The caterpillar war may have been settled last year, but it hasn’t stopped Aldi continuing to dig at M&S.
There was the limited edition Cuthbert being sold to raise money for cancer charities, Aldi’s 2021 Christmas advert (A Christmas Carrot) opening with Cuthbert being arrested by two lemon police officer and in 2022 (A Feast of Football) Kevin the Carrot watching a football match with the teams being ‘Cuth’ v ‘Col’.
Then there were the #CuthBack vans in the summer last year, parking outside M&S Stores in a number of cities, including London and Manchester:
It is fair to say that Aldi’s PR team have come out on top in the court of public opinion and using social media to its full advantage.
Aldi have this week reignited the rivalry, with a new advert comparing the prices of various supermarket caterpillar shaped cakes, with a scuffle with Colin and follow up posts and interviews.
Whilst the last segment from the ongoing social media saga is amusing, why else are we commenting on the advert? Comparative advertising!
There are a number of rules surrounding the dos and don’ts of comparative advertising if a competitor’s products are identified in an advert. From a trade mark perspective, if a brand uses a competitor’s product to advertise its own products, there is a risk of trade mark infringement.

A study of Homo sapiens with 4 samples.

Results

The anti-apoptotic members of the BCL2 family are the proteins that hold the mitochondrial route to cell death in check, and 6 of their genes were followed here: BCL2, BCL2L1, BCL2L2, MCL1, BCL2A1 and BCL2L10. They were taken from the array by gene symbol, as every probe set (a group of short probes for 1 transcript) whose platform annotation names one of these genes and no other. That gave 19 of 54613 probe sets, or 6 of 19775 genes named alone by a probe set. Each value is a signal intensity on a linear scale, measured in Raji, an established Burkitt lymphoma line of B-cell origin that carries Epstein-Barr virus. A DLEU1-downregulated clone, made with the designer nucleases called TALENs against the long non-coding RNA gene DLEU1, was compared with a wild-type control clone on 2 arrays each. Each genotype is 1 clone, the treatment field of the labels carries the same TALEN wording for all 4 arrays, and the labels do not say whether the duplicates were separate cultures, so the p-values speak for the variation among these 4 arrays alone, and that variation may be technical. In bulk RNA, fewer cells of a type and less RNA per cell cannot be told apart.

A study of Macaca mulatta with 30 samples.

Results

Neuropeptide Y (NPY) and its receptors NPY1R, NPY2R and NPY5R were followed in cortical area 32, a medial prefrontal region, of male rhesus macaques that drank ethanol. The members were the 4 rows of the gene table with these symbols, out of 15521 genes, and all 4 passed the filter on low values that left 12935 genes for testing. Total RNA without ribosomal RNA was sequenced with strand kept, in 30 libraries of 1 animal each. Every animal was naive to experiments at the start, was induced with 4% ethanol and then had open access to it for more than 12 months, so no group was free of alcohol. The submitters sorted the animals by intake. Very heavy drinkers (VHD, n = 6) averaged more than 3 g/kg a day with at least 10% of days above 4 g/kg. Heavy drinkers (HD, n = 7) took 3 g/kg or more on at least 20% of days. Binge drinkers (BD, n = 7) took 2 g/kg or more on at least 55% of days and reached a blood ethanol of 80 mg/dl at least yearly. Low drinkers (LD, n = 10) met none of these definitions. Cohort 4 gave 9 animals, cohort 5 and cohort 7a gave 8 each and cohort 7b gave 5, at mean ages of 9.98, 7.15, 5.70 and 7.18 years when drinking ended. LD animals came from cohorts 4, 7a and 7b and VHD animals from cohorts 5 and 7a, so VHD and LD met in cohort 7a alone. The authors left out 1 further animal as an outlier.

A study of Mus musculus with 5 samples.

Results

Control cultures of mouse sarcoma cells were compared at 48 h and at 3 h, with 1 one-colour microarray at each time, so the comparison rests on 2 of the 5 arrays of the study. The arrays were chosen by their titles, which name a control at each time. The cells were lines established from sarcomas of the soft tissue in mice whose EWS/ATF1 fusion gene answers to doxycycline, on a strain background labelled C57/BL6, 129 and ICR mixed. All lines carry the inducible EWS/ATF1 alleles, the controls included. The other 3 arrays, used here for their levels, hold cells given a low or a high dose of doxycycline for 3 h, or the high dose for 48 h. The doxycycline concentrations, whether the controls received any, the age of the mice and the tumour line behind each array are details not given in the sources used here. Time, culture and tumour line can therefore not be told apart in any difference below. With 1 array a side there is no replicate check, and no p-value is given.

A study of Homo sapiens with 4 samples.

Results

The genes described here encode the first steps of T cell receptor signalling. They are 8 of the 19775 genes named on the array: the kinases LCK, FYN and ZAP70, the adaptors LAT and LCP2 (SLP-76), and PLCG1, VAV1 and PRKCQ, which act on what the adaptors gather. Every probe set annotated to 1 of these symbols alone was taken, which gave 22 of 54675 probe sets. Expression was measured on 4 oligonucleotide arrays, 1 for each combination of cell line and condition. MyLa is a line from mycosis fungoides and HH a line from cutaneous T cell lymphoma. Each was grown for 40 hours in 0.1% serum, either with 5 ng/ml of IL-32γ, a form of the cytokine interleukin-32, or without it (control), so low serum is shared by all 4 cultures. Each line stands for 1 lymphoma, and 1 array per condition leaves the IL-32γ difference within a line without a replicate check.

As such, to be compliant, a comparative advert must not be misleading, compare the same goods, not take unfair advantage and not cause confusion. The advert is clear on the comparisons being made on a like for like basis and consumers are given sufficient information to know the comparisons being made.
However, comparative adverts should also not discredit or denigrate competitors. Whether the advert falls short in this respect remains to be seen (although am looking forward to the next advert!).
M&S do not appear to have responded to the advert, although they have released a limited edition Coronation Colin, so look out for those!
This article was written by Trade Mark Director Claire Jones.